The southern end of Cheat Mountain was a wilderness known only to hunters and fishermen until 1900. This book covers the next 60 years in a detailed study of the timber industry.
Wonderful photos are on every page. Lumbering and the steam era of railroads including locomotives, loaders, and tower skidders and their operation are documented.
The construction of the second largest logging railroad in West Virginia is explored.
Detailed maps of three eras of work on Snowshoe lands showing relations to the resort’s facilities, numerous photographs, lists of locomotives, and drawings throughout.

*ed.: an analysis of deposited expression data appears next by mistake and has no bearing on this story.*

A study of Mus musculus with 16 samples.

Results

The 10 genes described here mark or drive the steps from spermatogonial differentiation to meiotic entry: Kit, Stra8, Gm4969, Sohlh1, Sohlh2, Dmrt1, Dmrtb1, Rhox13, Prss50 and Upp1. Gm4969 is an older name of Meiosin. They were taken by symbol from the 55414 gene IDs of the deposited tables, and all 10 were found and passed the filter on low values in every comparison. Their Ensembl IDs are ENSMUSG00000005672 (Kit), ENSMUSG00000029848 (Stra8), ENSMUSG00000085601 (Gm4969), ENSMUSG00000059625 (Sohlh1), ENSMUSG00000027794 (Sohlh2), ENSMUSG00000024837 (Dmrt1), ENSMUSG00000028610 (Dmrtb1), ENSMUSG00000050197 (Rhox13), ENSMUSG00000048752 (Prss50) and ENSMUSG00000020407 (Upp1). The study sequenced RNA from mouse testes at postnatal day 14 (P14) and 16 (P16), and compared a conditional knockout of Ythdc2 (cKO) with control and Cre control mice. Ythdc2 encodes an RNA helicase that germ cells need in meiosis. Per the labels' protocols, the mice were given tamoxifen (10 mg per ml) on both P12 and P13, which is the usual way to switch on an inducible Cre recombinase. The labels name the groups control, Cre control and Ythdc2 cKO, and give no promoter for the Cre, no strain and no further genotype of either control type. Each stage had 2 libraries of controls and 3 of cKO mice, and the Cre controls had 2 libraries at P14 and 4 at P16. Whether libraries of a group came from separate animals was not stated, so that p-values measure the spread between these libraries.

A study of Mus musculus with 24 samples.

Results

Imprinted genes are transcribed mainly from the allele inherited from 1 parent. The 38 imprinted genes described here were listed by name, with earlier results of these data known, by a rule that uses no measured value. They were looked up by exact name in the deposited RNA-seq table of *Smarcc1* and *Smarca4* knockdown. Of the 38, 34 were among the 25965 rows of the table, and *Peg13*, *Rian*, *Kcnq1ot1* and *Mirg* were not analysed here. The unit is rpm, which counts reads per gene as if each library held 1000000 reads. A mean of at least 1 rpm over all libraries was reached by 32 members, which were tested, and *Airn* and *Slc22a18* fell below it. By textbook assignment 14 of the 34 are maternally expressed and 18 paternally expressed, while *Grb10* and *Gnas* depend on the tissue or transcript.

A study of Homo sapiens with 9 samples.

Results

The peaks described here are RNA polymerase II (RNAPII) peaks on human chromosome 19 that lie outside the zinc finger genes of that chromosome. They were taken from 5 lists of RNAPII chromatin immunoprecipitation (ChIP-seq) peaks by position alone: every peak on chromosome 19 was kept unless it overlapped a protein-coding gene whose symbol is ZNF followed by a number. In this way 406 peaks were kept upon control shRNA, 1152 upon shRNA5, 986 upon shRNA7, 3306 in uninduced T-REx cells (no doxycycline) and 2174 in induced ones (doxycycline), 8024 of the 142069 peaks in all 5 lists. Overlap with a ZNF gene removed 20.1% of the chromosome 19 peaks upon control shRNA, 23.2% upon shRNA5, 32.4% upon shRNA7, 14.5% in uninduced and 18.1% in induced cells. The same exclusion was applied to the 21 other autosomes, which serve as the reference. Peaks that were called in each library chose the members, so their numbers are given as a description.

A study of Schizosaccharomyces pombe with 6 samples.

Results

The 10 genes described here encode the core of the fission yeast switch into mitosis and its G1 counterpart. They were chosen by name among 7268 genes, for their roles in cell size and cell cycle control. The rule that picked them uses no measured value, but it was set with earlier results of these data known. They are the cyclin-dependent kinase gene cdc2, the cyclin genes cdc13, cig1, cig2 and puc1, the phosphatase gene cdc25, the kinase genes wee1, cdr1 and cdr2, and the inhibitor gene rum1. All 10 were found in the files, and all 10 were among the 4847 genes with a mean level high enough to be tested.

Deike is a leading authority on West Virginia logging history and a past president of Mountain State Railroad & Logging Historical Association. Mr. Deike visited West Virginia in 1950, convincing his father to take him to see the railroads the served the logging industry. He did not yet have a driver’s license. As a college student, he came to the state often. He taught geology in Illinois, but soon longed for the mountains and moved to the state. He taught in Elkins, WV and began serious research on the railroad logging industry.
Exploring courthouse records and old maps was informative, but the best was talking to old timers about their work. See an older man? Ask him, “Did you ever work in the woods?” Now, sadly there are very few left to talk to.
Eventually his wife, Mickey convinced him to write. It was no accident that they bought a farm near the Cass Scenic Railroad. The whole subject is vast and fascinating, so a narrow gauge story of the nearby Snowshoe property seemed possible. Logging South Cheat is the result.